Animal Research, Testing, and Experimentation
  • Daniel Krewski, University of Ottawa
  • Daniel Acosta, Jr, University of Cincinnati
  • Melvin Anderson, Hamner Institutes for Health Sciences
  • Henry Anderson, Wisconsin Division of Public Health
  • John C. Bailar, III, University of Chicago
  • Kim Boekelheide, Brown University
  • Robert Brent, Thomas Jefferson University
  • Gail Charnley, HealthRisk Strategies
  • Vivian G. Cheung, University of Pennsylvania
  • Sidney Green, Jr, Howard University
  • Karl T. Kelsey, Harvard University
  • Nancy I. Kerkvliet, Oregon State University
  • Abby A. Li, Exponent, Inc.
  • Lawrence McCray, Massachusetts Institute of Technology
  • Otto Meyer, Technical University of Denmark
  • Reid D. Patterson, Reid Patterson Consulting, Inc.
  • William Pennie, Pfizer, Inc.
  • Robert A. Scala, Exxon Biomedical Sciences
  • Gina M. Solomon, Natural Resources Defense Council
  • Martin Stephens, The Humane Society of the United States
  • James Yager, Johns Hopkins University
  • Lauren Zeise, California Environmental Protection Agency
Document Type
Article
Publication Date
2-1-2010
Abstract
With the release of the landmark report Toxicity Testing in the 21st Century: A Vision and a Strategy, the U.S. National Academy of Sciences, in 2007, precipitated a major change in the way toxicity testing is conducted. It envisions increased efficiency in toxicity testing and decreased animal usage by transitioning from current expensive and lengthy in vivo testing with qualitative endpoints to in vitro toxicity pathway assays on human cells or cell lines using robotic high-throughput screening with mechanistic quantitative parameters. Risk assessment in the exposed human population would focus on avoiding significant perturbations in these toxicity pathways. Computational systems biology models would be implemented to determine the dose-response models of perturbations of pathway function. Extrapolation of in vitro results to in vivo human blood and tissue concentrations would be based on pharmacokinetic models for the given exposure condition. This practice would enhance human relevance of test results, and would cover several test agents, compared to traditional toxicological testing strategies. As all the tools that are necessary to implement the vision are currently available or in an advanced stage of development, the key prerequisites to achieving this paradigm shift are a commitment to change in the scientific community, which could be facilitated by a broad discussion of the vision, and obtaining necessary resources to enhance current knowledge of pathway perturbations and pathway assays in humans and to implement computational systems biology models. Implementation of these strategies would result in a new toxicity testing paradigm firmly based on human biology.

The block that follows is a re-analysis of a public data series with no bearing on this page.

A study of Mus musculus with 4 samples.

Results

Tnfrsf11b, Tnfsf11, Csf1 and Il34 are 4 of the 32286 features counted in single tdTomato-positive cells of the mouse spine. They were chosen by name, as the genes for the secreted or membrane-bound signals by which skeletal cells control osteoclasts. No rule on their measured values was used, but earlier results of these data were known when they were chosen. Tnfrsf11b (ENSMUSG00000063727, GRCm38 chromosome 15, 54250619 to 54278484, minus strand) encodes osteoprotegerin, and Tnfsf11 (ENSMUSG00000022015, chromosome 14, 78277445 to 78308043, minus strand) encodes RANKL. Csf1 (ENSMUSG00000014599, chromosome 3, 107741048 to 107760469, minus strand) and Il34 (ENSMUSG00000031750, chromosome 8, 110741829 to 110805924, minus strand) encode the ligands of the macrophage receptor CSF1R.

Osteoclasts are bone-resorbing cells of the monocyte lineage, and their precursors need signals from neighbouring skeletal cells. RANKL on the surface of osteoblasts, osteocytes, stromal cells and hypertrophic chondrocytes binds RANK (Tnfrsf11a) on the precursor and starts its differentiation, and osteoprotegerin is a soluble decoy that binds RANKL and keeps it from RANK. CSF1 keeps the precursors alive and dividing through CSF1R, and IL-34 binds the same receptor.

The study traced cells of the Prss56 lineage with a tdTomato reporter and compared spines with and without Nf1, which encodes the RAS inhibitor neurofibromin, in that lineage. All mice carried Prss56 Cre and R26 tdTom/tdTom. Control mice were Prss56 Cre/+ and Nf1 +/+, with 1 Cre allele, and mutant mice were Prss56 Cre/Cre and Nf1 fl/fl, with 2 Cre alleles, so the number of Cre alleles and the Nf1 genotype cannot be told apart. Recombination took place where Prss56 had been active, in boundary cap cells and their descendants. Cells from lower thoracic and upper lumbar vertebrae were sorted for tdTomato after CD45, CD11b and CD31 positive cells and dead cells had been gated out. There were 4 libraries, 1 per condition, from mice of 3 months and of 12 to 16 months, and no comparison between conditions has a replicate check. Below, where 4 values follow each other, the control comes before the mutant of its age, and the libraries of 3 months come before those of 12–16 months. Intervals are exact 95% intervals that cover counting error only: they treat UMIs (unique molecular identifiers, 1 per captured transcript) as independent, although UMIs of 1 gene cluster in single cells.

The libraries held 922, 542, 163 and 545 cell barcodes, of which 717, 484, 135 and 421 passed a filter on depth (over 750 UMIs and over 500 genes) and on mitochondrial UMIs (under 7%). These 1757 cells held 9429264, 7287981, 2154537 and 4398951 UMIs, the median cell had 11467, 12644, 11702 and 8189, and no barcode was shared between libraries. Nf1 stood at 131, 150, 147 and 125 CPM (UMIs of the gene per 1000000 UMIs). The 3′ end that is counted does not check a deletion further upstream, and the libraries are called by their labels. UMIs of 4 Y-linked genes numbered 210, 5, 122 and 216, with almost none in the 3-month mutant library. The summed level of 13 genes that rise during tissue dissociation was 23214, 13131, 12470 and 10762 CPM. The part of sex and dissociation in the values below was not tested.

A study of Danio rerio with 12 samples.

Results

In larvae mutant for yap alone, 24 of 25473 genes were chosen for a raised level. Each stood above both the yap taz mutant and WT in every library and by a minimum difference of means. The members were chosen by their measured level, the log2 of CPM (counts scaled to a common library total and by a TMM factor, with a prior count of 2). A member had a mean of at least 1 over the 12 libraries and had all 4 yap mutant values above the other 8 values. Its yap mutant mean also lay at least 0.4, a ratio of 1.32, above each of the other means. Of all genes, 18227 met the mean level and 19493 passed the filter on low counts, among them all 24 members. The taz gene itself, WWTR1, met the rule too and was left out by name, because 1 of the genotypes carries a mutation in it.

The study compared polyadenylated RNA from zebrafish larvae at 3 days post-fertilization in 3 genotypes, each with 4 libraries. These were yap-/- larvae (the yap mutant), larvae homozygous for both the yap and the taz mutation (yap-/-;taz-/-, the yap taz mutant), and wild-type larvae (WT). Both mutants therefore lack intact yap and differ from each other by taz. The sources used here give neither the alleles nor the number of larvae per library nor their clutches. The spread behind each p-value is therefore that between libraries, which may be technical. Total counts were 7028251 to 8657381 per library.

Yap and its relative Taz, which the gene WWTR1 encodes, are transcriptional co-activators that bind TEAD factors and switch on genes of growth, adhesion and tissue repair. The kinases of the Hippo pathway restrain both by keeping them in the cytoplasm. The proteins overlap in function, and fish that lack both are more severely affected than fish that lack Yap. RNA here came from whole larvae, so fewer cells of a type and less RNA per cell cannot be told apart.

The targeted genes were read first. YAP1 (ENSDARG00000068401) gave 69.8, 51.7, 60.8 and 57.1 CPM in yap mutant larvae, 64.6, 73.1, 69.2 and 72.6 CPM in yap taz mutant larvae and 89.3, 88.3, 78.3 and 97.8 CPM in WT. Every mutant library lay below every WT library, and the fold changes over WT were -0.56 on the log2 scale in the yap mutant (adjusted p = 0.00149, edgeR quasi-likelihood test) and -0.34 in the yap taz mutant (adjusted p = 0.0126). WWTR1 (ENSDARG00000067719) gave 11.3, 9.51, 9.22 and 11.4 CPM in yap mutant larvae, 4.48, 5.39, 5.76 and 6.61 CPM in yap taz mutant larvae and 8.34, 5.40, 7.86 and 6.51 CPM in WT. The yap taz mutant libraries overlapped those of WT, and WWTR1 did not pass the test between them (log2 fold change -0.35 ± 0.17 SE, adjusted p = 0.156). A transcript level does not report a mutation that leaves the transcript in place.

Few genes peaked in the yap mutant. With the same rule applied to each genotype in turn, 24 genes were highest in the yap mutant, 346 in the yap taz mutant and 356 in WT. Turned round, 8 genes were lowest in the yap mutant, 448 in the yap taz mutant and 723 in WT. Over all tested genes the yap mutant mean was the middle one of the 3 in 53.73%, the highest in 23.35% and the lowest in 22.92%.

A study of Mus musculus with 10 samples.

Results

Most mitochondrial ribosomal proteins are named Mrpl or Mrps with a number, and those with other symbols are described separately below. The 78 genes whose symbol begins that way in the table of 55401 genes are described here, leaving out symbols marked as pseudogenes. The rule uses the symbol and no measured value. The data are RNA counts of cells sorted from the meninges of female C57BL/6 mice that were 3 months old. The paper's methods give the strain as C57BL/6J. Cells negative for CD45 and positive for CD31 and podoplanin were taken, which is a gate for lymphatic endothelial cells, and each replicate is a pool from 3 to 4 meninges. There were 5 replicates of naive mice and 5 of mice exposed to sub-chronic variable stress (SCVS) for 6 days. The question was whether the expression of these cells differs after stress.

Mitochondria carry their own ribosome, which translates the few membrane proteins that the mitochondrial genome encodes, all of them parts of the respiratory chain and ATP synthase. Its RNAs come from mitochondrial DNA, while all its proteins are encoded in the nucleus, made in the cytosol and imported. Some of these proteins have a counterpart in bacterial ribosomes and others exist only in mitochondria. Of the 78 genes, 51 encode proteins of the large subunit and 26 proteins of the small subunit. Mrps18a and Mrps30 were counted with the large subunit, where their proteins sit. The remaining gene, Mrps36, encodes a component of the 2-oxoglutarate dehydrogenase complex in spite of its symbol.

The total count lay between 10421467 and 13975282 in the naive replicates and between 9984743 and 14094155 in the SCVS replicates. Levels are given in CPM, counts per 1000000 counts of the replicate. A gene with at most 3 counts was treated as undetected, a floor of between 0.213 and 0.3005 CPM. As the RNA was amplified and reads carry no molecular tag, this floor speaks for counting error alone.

Comments

This article is based on the report Toxicity Testing in the 21st Century: A Vision and a Strategy, prepared by the Committee on Toxicity Testing and Assessment of Environmental Agents. The report was originally published by the U.S. National Research Council in 2007.

Citation Information
Krewski, D., Acosta Jr, D., Andersen, M., Anderson, H., Bailar III, J. C., Boekelheide, K., ... & Kelsey, K. T. (2010). Toxicity testing in the 21st century: a vision and a strategy. Journal of Toxicology and Environmental Health, Part B, 13(2-4), 51-138.